Krome detainee falls ill with bacterial meningitis

 
 
A view of the Krome Detention Center. A foreign national at the detention center in West Miami-Dade has contracted bacterial meningitis, Immigration and Customs Enforcement announced Monday, Oct. 28, 2013.
A view of the Krome Detention Center. A foreign national at the detention center in West Miami-Dade has contracted bacterial meningitis, Immigration and Customs Enforcement announced Monday, Oct. 28, 2013.
Donna E. Natale Planas / Miami Herald

achardy@elNuevoHerald.com

A foreign national at the Krome detention center in West Miami-Dade has contracted bacterial meningitis, Immigration and Customs Enforcement announced Monday.

The detainee fell ill eight days ago and remains hospitalized. ICE says there is no cause for alarm that the disease will spread.

The sick individual was not identified and his country of origin was not listed.

An ICE statement indicated that the facility would not be evacuated or closed, but that detainees would be separated from each other in their housing pods.

“Based on the information we have right now, there is no reason for significant concern of disease transmission outside or within the facility,” the statement said.

The Miami-Dade Health Department has been notified, according to ICE.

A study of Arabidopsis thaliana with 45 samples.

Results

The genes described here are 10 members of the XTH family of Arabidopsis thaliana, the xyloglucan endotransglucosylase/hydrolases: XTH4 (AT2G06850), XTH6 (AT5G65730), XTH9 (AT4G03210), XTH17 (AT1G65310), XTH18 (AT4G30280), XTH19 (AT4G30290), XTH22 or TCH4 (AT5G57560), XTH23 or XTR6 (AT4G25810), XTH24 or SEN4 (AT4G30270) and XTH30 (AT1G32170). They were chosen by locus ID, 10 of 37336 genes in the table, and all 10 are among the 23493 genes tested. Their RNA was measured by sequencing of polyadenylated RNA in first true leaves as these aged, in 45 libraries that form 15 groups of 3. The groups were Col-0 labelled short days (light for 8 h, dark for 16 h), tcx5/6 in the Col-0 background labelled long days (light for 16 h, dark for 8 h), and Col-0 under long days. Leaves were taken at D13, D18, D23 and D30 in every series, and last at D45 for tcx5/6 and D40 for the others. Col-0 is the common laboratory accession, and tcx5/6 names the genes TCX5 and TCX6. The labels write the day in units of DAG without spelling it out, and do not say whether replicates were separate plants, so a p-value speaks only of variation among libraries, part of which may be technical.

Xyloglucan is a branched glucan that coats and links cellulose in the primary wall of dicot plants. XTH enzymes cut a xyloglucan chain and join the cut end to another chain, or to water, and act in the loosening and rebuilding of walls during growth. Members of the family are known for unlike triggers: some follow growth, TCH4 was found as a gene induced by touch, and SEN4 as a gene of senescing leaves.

“On Oct. 21, an individual in ICE custody at the Krome Detention Center in Miami was diagnosed with bacterial meningitis after being taken to the hospital,” the ICE statement said. “The individual remains hospitalized at this time. Based on the information we have right now, there is no reason for significant concern of disease transmission outside or within the facility.”

The Centers for Disease Control says on its website that bacterial meningitis can be “severe” for the person affected, but does not necessarily pose a risk of widespread infection.

“Fortunately, most of the bacteria that cause meningitis are not as contagious as diseases like the common cold or the flu,” the CDC website says. “Also, the bacteria are not spread by casual contact or by simply breathing the air where a person with meningitis has been.”

The first report about the ill detainee came in an email message from Mitchell J. Cohen, a Hallandale Beach attorney who represents clients at Krome.

According to Cohen, he was notified of the situation over the weekend along with other members of the American Immigration Lawyers Association, when he received an email from the organization.

“Bacterial meningitis is potentially fatal,” Cohen said in his email. “The Department of Homeland Security has the moral obligation to notify the public immediately, as visiting friends and relatives of detainees may be unknowingly placing themselves at risk.”

In 2011, a Krome guard died of bacterial meningitis. At that time, federal authorities temporarily suspended visits to Krome. Also at the time, Krome officials said they had no reports of meningitis cases among detainees.

The guard, identified by his family as Juan Gabriel García, was 33.